Decatur High basketball player Kurt Robinson admitted Tuesday it wasn’t until last summer that he began thinking he might play beyond high school.
The 6-foot-2 point guard made this admission moments after signing a letter-of-intent to play the next four years at Emmanuel College in Franklin Springs, Ga.
Sitting in the Decatur arena reception room, overlooking the football field, Emmanuel head coach T.J. Rosene shoved the letter-of-intent under Kurt’s chin and said, “Hurry up and sign before you change your mind.”
Rosene knows that Robinson’s a late bloomer. He played very little AAU ball and didn’t even make Decatur’s varsity until his junior year.
But the raw talent is unquestioned. Robinson has explosive full-court speed, a vertical leap in the high 30s, and wide-angled court vision that Decatur coach Charlie Copp calls, “among the best I’ve ever seen.”
“I think you’re gonna look at Kurt a year or two from now and he won’t even be the same player,” Rosene said. “He has a real high basketball I.Q., and more than that he has tremendous character.”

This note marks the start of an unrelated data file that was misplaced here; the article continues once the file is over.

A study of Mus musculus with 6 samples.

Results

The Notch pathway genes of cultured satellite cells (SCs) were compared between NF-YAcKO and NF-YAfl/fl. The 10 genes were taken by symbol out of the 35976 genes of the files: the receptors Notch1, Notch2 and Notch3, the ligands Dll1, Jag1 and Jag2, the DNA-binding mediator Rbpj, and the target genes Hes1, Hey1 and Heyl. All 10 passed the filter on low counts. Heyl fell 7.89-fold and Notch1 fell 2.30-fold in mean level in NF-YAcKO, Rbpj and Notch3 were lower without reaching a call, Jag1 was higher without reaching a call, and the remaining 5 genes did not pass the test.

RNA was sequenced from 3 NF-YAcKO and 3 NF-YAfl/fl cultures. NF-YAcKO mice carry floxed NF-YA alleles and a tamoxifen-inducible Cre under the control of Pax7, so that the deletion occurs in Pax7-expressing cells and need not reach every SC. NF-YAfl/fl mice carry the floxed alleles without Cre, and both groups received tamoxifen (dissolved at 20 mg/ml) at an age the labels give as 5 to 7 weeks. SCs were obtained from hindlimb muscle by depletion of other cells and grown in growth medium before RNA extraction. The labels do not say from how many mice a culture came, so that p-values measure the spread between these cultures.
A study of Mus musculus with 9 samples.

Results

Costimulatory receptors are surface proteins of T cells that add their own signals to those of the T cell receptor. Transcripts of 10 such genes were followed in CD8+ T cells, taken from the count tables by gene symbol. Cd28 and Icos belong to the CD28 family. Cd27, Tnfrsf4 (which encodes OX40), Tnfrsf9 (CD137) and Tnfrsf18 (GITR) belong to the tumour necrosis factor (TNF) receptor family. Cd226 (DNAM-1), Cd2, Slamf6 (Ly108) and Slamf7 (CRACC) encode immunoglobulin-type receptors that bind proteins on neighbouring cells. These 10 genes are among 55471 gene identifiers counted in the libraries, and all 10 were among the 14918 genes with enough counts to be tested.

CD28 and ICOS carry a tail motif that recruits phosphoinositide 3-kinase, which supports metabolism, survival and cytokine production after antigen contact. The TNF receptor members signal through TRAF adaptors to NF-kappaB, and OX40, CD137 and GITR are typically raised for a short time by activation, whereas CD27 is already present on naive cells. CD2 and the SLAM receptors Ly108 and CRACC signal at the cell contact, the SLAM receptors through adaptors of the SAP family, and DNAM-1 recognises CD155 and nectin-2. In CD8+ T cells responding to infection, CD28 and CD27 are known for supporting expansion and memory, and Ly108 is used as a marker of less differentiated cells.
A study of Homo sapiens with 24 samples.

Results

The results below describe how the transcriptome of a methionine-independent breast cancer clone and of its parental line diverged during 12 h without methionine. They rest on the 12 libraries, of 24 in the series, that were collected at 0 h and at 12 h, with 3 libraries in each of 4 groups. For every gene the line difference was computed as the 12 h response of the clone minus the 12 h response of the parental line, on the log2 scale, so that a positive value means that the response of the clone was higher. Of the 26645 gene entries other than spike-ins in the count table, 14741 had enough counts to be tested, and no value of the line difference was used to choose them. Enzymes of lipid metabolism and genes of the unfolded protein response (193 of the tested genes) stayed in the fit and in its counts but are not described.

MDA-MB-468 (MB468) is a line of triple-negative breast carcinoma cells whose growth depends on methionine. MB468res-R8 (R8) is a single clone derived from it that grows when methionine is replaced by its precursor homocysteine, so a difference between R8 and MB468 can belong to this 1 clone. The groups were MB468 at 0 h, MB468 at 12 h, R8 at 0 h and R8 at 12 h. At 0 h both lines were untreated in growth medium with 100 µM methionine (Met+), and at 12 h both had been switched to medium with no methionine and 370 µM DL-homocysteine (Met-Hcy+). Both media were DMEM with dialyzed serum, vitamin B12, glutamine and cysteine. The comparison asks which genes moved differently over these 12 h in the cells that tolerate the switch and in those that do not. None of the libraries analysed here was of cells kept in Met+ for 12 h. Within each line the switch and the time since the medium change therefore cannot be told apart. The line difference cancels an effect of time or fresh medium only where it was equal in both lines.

Emmanuel is located 93 miles from Decatur in northeast Georgia, not far from Ty Cobb’s hometown of Royston. The school with 800 students has entered something of a golden era under Rosene.
Playing in the National Christian College Athletic Association under the NAIA (National Association of Intercollegiate Athletics) umbrella, Emmanuel has gone 101-62 in the last five years. That record includes an NCCAA national championship in 2009, and a trip to the championship game (a 74-56 loss to Cedarville University) this past year.
“What I like most about them is the coaching staff,” Robinson said after signing. “It’s not like they are three different coaches or [separate], but more like they are working together as one unit.”
Though he suffered from an ankle sprain for a month early last season, and at times was so badly hobbled he was virtually incapable of scoring, he averaged 13.1 points per game and shot a team high 46 percent from the field.
Robinson led the team in rebounding at 7.3, assists at 4.2 and steals at 1.8. He also averaged 1.4 blocks.
Rosene likes to play up tempo, and will often start three guards, even saying he might start four during some games next season. He also runs the read-and-react offense, a system Kurt’s played off-and-on in all four years at Decatur.
“I don’t know what kind of player he’ll turn out to be,” Rosene said. “Maybe he’s a point, maybe he’s a two guard, or maybe he’s just gonna be a great player. I never like to put anybody in box. I want to see him come to our place, work his butt off and prove what he can do.
“If he does that,” the coach added, “then we’ll win our share of games over the next four years.”